Pulling data from an array

This is a discussion on Pulling data from an array within the C++ Programming forums, part of the General Programming Boards category; Originally Posted by lpaulgib Is there a reason why I should declare the integer in the actual loop rather than ...

  1. #16
    Is there a reason why I should declare the integer in the actual loop rather than outside the loop in the beginning? I thought it would be cleaner code to have all the integers declared in the beginning. Is there a functional reason to do it inside the loop? I had forgotten to take the x variable out just because it was being used, then i cleaned out that loop...


    And also my indention and tabbing. Does it look clean? So far the only people that normally read the code i write is myself. And of course it looks good to me. Do you see any potential problems?
    Personally, I think it is much cleaner code in a for loop to declare the iterator inside. That way you don't have to go searching for the declaration elsewhere in the code, and so you can use the same name if you need to for a different variable outside the loop.
    As to your indentation and tabbing, I'm not particularly fond of it. I personally like to do something like this in a code block:

    Code:
    for (int i = 0; i < exampleNum; i++) {
        //put 4 spaces starting from 'f' in 'for' before this line of code if it were code instead of a comment
        //do stuff on this line...
        //and do stuff on this line....
        //etc..
    }
    That way its easier to read when you're scanning the code with your eyes. Its easier to pick out where the code block begins and ends. You crammed your for loop code all on the same columns, plus you put extra spaces in places where there shouldn't be any extra spaces, making it look like its a new code block or something, i.e.:

    Code:
    int familyfunct(int combinedages, int famtot){
    
        cout<<"\nAbout to do the math.....\n\n\n";
        int average = (combinedages/famtot);
        cout<< average << endl << endl;
    
             if(average>80){ 
                cout<<"You're all old!" << endl; 
             } 
    
             if(average< 20){
                 cout<<"You're a young family!" << endl;
             }
    
             if(average< 30){
                 cout<<"You're getting older!" << endl;
             }
             else{
                cout<<"You're pretty normal" << endl;
             }
    
    }
    You should also be aware that both the middle if statements will execute if the average is less than 20, meaning the output would be:

    You're a young family!
    You're getting older!
    I don't think that was intentional.
    You should use "else if" instead of "if" in the second middle one.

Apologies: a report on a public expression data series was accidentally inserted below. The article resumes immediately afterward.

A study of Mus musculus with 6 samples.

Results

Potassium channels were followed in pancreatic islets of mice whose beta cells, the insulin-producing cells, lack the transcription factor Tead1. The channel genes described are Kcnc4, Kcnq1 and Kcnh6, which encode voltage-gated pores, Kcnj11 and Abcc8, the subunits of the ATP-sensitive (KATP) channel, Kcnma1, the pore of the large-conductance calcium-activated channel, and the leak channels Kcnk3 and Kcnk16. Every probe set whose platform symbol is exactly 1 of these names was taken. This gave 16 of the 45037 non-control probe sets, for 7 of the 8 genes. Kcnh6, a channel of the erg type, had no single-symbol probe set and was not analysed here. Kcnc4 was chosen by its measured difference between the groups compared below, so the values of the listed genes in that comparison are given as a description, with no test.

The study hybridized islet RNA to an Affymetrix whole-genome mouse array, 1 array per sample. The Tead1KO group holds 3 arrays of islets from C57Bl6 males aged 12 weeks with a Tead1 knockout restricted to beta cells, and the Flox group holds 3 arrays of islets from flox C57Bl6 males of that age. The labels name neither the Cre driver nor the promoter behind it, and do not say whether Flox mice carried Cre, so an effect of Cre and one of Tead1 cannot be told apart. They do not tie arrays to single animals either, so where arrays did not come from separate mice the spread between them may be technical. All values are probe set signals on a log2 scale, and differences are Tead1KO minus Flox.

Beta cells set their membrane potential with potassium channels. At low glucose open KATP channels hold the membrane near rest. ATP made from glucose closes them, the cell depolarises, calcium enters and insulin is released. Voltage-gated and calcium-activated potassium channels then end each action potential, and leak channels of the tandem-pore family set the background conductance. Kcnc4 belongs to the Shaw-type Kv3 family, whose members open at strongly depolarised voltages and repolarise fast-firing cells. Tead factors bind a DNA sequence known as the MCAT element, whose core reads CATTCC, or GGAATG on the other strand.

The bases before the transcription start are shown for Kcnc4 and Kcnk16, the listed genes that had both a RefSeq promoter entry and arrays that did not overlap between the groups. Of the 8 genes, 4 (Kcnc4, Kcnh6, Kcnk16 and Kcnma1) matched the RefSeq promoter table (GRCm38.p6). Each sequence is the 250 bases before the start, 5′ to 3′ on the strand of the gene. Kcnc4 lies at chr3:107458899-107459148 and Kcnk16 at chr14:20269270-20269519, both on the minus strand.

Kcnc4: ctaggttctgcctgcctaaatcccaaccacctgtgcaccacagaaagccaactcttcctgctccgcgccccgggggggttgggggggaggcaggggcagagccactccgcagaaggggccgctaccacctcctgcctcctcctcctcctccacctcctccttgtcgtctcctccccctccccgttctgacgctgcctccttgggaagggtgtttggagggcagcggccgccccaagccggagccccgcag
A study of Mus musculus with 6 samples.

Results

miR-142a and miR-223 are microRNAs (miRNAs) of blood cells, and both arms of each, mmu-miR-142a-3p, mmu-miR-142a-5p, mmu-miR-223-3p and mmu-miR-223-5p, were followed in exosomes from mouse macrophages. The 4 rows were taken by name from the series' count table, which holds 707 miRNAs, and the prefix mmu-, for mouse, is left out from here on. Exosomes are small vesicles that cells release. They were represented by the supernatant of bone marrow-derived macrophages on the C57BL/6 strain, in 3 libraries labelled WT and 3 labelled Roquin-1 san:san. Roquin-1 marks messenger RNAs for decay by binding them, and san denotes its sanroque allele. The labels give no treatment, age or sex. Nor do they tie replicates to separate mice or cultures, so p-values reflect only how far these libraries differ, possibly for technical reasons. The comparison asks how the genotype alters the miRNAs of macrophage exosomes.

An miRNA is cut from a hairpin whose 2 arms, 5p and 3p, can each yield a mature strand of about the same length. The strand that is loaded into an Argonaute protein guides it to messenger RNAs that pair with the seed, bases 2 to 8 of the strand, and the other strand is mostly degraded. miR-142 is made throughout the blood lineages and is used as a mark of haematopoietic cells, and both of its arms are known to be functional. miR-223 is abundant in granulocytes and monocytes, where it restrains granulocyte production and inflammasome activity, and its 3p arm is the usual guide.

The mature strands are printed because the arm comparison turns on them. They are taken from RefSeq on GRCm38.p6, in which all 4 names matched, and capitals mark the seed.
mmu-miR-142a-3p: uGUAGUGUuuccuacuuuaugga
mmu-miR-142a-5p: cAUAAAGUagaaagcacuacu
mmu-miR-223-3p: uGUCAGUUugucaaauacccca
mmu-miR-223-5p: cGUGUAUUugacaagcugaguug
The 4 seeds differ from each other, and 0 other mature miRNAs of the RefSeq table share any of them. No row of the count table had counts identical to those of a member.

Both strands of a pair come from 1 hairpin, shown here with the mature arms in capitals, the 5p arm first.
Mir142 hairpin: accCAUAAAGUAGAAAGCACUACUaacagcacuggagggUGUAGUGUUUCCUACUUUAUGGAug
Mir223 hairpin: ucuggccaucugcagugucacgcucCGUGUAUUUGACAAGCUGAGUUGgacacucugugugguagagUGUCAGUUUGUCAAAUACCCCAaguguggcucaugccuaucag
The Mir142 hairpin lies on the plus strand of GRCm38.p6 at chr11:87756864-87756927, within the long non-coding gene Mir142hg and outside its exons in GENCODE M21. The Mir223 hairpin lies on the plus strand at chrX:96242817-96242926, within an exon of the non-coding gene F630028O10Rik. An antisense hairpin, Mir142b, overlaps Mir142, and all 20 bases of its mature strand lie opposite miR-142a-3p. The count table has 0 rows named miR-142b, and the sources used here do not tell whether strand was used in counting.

Last edited by Programmer_P; 06-12-2010 at 06:29 PM.
    I'm an alien from another world. Planet Earth is only my vacation home, and I'm not liking it.

  2. #17
    C++まいる!Cをこわせ! Elysia's Avatar
    Quote Originally Posted by Adak View Post
    io.h certainly IS included in some modern compilers. It is no longer part of the standard for C, but it is nevertheless, included in the very latest Pelles C versions.
    Quote Originally Posted by Salem View Post
    You mean it's included as a crutch to help ancient programmers limp along without them having to relearn too much.

    Outside of your DOS world, your header file is meaningless.

  3. #18
    You need to add a check so that you can't enter more than 100 family members since you're using a C array.
    Oh yeah, good catch.
    @OP: Do something like this:

    Code:
    int loopCount = 1;
    do {
        cout<< "How many family members do you have? ";
        cin>>FamTotal;
        if (FamTotal > 100) { 
            cout<< "\nError! You have inputted too many family members.\n"
                   "Please try again." <<endl;
        }
        if (loopCount > 1) {
            cout<< "\nWe can do this all day if you want, but I suggest you get it right this time..." <<endl;
        }
        loopCount++;
    } while(FamTotal > 100);
    Last edited by Programmer_P; 06-13-2010 at 08:25 AM. Reason: fixed small logical error
    I'm an alien from another world. Planet Earth is only my vacation home, and I'm not liking it.

  4. #19
    C++まいる!Cをこわせ! Elysia's Avatar
    Quote Originally Posted by Adak View Post
    io.h certainly IS included in some modern compilers. It is no longer part of the standard for C, but it is nevertheless, included in the very latest Pelles C versions.
    Quote Originally Posted by Salem View Post
    You mean it's included as a crutch to help ancient programmers limp along without them having to relearn too much.

    Outside of your DOS world, your header file is meaningless.

  5. #20
    Actually, it should be > 100 since you already have 100 elements in the array (0-99).
    Right. My bad.
    I'm an alien from another world. Planet Earth is only my vacation home, and I'm not liking it.